They were gravely concerned. They spoke in low tones. I could feel their anxiety, and it scared me. I sensed that things weren’t going to go on as they had, but I couldn’t know at all what lay ahead. I’ll never forget that short ride when I was 7.

If you’re old enough, you know that America did change, overnight, and for years to come. We were in a cataclysmic, all-out war. Things – little and big things – became scarce or totally unavailable. There was rationing – even of necessary things. We shut out our lights at night, in air-raid rehearsals. Many dads went to war, and others took on defense responsibilities. Many women went to work in defense plants and other jobs to help in the war effort.

Everybody was glued to the radio, at night and during the days. If we went to a movie, which was rare, the newsreels were all about the war, where our soldiers were, the casualties they were suffering and the advances they made against our enemies. It was upheaval; it was turbulent and uncertain. There seemed to be an unspoken danger that our whole world might cave in on us.

The war went on, in Europe and Asia, for more than three years, but to a little boy it seemed almost forever. Eventually it ended, and an exuberant celebration ensued. Mama and Daddy were oh so greatly relieved that my brother and sisters and I could gradually relax into a new, peaceful and hopeful world.

How did we make it through that very real nightmare? We did it by focusing on the basics. We pulled together as a family, and as communities and as a nation, and we shouldered the responsibilities and shared with one another. The churches were full at every service, and people really prayed, singly and in groups, not just observing rituals and old habits. Neighbors helped each other. Everybody sacrificed to “do their part” for the war effort. For “the boys.” For America. It was a struggle for our very survival, and with God’s help – we survived.

It’s now 2010, and we’re sliding into another struggle for our very survival. It all feels so familiar, and I know we’re going to have to come together again – as families, communities and as a nation. We’ll have to take on new responsibilities, make new sacrifices and help each other in unfamiliar ways.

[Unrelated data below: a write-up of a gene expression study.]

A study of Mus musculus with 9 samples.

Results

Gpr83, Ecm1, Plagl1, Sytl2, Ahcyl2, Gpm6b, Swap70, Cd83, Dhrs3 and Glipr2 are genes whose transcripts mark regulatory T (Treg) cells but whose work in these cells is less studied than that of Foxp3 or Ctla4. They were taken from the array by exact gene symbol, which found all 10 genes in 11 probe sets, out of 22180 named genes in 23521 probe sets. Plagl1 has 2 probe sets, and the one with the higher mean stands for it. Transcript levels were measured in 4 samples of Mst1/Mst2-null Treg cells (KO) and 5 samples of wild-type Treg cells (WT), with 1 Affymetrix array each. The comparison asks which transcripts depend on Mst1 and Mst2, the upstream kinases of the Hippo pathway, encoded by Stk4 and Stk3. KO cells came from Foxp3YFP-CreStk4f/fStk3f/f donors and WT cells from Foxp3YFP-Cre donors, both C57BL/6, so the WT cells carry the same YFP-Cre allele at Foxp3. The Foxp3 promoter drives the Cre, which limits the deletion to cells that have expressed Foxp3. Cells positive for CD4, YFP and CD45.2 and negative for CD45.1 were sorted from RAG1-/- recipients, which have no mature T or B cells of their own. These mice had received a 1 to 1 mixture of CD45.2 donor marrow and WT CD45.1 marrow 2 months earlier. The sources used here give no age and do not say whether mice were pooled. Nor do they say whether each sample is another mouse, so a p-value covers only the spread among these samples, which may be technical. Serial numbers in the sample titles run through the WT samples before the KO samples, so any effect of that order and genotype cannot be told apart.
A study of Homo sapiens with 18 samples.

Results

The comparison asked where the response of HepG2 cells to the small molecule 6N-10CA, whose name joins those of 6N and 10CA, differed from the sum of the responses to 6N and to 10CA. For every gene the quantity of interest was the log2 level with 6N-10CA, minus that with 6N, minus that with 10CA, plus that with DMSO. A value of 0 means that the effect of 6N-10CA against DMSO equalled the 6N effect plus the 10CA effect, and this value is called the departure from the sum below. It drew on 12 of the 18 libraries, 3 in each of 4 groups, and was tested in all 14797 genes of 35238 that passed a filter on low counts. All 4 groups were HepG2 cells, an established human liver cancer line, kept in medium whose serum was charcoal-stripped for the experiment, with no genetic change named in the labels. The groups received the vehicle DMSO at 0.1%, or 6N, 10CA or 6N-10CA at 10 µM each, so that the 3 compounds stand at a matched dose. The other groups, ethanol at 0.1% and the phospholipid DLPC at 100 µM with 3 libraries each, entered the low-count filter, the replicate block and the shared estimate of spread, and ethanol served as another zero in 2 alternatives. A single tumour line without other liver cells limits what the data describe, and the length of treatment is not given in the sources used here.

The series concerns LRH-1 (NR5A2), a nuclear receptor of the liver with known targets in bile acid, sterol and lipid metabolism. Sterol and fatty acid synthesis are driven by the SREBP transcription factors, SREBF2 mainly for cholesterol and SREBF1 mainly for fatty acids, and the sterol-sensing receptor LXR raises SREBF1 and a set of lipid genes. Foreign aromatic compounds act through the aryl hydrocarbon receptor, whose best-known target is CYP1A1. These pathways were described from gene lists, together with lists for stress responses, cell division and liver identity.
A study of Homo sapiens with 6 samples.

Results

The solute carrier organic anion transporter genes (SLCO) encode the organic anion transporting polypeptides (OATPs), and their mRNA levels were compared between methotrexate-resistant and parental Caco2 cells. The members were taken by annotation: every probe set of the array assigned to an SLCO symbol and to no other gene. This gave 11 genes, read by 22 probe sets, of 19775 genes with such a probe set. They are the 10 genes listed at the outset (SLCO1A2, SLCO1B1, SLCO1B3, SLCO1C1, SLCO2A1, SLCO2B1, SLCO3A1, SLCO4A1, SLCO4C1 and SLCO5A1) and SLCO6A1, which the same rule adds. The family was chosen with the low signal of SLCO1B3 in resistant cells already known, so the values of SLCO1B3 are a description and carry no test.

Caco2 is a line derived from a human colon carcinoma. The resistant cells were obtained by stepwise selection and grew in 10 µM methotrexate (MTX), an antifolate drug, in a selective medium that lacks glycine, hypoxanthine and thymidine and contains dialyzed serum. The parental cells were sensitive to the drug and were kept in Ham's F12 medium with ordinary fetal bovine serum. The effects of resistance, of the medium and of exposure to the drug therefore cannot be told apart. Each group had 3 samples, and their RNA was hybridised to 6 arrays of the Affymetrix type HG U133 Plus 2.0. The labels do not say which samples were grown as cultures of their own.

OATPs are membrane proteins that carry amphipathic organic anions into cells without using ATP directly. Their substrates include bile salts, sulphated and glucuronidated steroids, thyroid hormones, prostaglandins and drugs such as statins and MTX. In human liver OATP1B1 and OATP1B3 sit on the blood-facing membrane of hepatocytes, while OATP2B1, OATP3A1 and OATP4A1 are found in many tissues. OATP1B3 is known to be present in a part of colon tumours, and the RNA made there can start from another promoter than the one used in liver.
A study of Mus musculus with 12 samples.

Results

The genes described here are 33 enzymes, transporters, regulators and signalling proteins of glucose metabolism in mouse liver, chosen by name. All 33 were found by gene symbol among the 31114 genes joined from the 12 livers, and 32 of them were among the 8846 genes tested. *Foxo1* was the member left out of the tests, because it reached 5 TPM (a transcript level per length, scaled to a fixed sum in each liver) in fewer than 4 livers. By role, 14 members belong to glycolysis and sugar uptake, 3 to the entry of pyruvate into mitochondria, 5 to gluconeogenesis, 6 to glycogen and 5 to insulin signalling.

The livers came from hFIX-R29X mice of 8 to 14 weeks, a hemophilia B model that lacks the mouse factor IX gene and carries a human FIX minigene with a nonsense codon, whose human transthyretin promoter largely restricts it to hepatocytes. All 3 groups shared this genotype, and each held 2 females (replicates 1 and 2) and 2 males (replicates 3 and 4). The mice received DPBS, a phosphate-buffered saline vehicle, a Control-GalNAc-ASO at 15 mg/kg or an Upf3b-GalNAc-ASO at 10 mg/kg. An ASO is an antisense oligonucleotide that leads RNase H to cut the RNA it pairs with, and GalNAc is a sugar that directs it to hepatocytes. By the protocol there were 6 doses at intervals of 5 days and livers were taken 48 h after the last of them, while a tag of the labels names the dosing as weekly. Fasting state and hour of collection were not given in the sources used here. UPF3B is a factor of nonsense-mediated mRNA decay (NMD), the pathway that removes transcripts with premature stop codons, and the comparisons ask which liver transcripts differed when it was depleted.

Thanks to circumstances, awful decisions inside our financial and political centers of power and attacks on our country by enemies without uniforms or consciences, we as a people are facing both the collapse of our economy and the apparent inability or unwillingness of our government to make the tough choices to turn things around.

What to do? Is there a way out of this mess? Can we ever get back to where we were, just a few years ago?

The latest newsletter from one of our country’s greatest, most respected organizations – Focus on the Family – deserves our notice. For decades now, under the leadership of James Dobson, and now James Daly, this solid group of sociologists, counselors and experts in all things related to the family has offered advice, experienced and godly counsel, and real leadership. And now they’re calling the nation, all of us, to focus – to focus on the basics, the bottom line issues that must be addressed, if we’re to survive. If America as we’ve known it is to continue.

These five fundamentals, these basics, are:

Threats to religious liberty: If we can’t solve this one, nothing else will matter. Religious freedom is increasingly under attack, as people of simple faith face discrimination – or worse – for defending marriage and other basic values like expressing faith publicly, against militant and well-funded special interest groups. Courts and individual judges are ruling from the bench against believers – and belief itself.

Parents rights in their children’s education: School choice is becoming the civil-rights issue of the day. Teachers unions, many controlled by the same special interest groups, are compelled to undermine parents’ teaching and brainwash their kids with secular, humanistic dogma instead of real American history and traditional values.

Health care: This issue is not just about providing sensible health care to all citizens; it’s about giving government unprecedented control over the whole matter, and at a cost that will bankrupt the country.

Citizenship: The freedoms we value as Americans all derive from our citizenship, and the rights guaranteed us by our Constitution. These rights come from God and have been paid for in the blood and sacrifice of our valiant men and women over two centuries. They can’t be just given away – or taken illegally.

Marriage: There is not one person in this country who wasn’t born to a father and a mother. The circumstances vary widely, of course, but the biological facts are incontrovertible. The institution of marriage between a man and a woman is the very foundation, not just of America, but the human race itself.

Focus on the Family continues to lead the legislative and judicial battles to preserve our very society. Whole states, a lot of them, are fighting the government health-care takeover, and Focus on the Family mounted a grassroots voter campaign that helped elect the new attorney general in Virginia, a new leader in the fight. Convinced that not voting responsibly from now on is just un-American, Focus on the Family is actively involved in voter registration drives this fall in states where great and needed changes can be made on Election Day.

Friend, I’m as concerned now as my parents were in 1941. We need to contact Focus on the Family (800-A-FAMILY or FocusOnTheFamily.com) and give sacrificially to support their intelligent and effective soldiering to save our nation.

We’re quickly running out of time and opportunity.